Merkel, Sarkozy And The Blind Waltz Of Europe's Rescue Plans For Greece

Op-Ed: After being forced to shelve their proposal for a European-appointed Greek budget commissioner, the German-France "Merkozy" duo now are floating the idea of a special account for Greek debt. But this is just one more symbolic atte

Students demonstrating last October in Florence (Collettivo Politico Scienze Politiche)
A quick fix won't do (kevinpoh)
Jan Dams

BERLIN - Over the past two years there has been no shortage of suggestions about how to rescue Greece. And none has received as much attention as the diplomatically unwise German proposal to appoint a "budget commissioner" to Athens.

Having gotten the thumbs down on that one from other euro-zone countries, Angela Merkel along with her French counterpart Nicolas Sarkozy have now come up with an equally spectacular plan. This time, the idea is for a special account to be opened into which Greece would pay the interest it owes on debts, thus ensuring that holders of Greek debt were paid off.

Unfortunately, this proposal is as peculiar as the commissioner idea – in this case, because all that is likely to accrue in the account is negative interest from being permanently overdrawn.

The idea is little more than an expression of the deepest kind of desperation. Europe's most powerful politicians don't have a clue how to bring this small country into line. Merkel and Sarkozy, aka "Merkozy," have long recognized that not only is the will for change missing in Greece – so are the bureaucratic structures needed to implement promises of reform.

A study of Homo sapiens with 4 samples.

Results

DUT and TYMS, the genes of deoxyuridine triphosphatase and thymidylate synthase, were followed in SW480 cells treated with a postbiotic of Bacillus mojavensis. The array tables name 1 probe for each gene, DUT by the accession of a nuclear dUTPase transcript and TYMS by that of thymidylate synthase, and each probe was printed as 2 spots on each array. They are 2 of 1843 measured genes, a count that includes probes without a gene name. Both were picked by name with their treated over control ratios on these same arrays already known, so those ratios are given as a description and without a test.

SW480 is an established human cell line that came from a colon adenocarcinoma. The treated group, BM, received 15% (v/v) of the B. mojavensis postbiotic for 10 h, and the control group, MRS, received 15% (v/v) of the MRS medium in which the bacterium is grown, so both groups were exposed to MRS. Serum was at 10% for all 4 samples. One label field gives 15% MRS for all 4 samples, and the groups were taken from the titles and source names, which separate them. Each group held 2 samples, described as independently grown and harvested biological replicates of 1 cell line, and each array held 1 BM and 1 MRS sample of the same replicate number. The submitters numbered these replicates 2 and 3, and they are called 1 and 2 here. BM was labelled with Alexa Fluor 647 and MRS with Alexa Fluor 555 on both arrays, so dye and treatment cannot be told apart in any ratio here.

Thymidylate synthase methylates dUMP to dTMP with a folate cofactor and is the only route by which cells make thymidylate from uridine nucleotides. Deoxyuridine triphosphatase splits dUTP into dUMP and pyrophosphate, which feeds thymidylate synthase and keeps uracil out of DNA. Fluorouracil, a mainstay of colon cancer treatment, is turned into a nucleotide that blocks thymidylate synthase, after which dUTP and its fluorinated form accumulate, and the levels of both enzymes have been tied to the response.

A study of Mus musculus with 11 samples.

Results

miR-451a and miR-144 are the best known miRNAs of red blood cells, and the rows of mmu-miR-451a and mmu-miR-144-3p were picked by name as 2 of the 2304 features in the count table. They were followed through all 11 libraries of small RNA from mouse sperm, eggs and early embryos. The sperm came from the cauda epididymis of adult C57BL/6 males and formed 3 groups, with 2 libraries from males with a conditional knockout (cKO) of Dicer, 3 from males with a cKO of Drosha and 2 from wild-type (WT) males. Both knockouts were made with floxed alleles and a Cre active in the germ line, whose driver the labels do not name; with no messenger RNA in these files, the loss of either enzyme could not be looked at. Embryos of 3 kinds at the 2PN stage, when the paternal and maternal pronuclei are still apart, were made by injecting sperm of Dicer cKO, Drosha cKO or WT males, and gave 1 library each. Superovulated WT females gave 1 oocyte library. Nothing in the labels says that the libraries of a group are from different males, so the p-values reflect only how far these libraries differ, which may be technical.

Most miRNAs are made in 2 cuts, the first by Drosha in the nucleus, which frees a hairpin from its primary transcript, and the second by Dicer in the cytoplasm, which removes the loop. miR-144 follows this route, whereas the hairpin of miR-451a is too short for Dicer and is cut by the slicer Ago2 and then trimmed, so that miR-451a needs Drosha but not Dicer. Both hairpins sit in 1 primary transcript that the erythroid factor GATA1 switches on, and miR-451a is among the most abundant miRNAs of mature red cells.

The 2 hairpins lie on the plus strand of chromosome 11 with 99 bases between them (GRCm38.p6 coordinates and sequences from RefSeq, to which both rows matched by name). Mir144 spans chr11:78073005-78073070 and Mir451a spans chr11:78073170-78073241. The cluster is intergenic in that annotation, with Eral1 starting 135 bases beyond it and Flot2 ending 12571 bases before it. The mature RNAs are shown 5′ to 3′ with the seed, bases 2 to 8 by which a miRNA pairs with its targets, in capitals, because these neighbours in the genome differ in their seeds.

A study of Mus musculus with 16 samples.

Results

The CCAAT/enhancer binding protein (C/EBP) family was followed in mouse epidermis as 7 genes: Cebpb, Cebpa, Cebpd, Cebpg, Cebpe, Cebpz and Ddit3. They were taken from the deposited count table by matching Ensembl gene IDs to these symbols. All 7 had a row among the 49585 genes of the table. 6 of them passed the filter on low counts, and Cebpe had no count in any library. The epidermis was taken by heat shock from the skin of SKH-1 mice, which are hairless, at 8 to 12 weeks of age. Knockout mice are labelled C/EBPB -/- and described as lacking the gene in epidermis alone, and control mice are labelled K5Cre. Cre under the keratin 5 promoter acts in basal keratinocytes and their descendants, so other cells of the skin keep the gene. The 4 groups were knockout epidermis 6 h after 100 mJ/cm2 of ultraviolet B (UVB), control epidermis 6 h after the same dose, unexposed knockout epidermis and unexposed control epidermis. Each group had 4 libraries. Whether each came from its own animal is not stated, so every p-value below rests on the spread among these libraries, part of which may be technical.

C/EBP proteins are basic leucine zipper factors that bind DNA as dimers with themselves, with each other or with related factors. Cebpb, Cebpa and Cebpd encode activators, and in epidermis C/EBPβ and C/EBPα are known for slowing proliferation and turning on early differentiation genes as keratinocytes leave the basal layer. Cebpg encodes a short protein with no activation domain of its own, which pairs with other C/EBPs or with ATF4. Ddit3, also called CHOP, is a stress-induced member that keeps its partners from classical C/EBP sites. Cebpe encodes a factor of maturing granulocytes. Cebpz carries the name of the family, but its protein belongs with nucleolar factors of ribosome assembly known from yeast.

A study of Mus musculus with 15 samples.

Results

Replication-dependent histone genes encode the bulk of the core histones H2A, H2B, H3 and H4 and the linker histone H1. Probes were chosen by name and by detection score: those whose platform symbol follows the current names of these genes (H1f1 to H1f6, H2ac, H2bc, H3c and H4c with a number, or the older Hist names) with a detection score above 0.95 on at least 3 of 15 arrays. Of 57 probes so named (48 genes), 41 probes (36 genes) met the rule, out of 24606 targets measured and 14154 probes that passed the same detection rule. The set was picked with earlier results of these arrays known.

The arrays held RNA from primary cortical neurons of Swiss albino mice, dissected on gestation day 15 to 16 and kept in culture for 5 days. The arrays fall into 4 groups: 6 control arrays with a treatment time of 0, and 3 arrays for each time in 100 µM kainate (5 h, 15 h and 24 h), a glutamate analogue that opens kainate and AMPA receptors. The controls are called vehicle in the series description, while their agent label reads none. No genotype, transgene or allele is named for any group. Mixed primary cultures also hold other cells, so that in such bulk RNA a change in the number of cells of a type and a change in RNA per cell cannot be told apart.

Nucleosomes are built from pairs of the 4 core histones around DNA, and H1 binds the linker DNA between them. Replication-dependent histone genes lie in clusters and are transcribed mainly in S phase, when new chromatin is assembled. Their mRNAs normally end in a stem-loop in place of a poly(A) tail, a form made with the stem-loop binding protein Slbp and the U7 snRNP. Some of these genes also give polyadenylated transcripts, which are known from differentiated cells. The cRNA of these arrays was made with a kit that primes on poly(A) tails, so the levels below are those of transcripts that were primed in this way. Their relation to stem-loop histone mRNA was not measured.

But both Merkel and Sarkozy are afraid to admit this publicly, and draw the necessary conclusions. It's better to take a symbolic stab at policy. And the Greeks understand that only all too well.

They know that the only thing driving these proposals is short-term fear of severe turbulence in the rest of the euro zone if they are kicked out. And as long as that's the case, nothing's going to change in Athens. It's high time, instead, that this or that new idea gives way to a whole new strategy.

Read the original article in German

Photo - kevinpoh


The West Must Face Reality: Iran's Nuclear Program Can't Be Stopped

The West is insisting on reviving a nuclear pact with Iran. However, this will only postpone the inevitable moment when the regime declares it has a nuclear bomb. The only solution is regime change.

Talks to renew the 2015 pact have lasted for 16 months but some crucial sticking points remain.

Hamed Mohammadi

-OpEd-

Rafael Grossi, the head of the International Atomic Energy Agency (IAEA), the UN's nuclear inspectorate, declared on Sept. 7 that Iran already had more than enough uranium for an atomic bomb. He said the IAEA could no longer confirm that the Islamic Republic has a strictly peaceful nuclear program as it has always claimed because the agency could not properly inspect sites inside Iran.

The Islamic Republic may have shown flexibility in some of its demands in the talks to renew the 2015 nuclear pact with world powers, a preliminary framework reached between Iran and the P5+1 (the U.S., the U.K., China, Russia, France and Germany). For example, it no longer insists that the West delist its Revolutionary Guards as a terrorist organization. But it has kept its crucial promise that unless Western powers lift all economic sanctions, the regime will boost its uranium reserves and their level of enrichment, as well as restrict the IAEA's access to installations.

Talks to renew the 2015 pact have been going on for 16 months. European diplomacy has resolved most differences between the sides, but some crucial sticking points remain.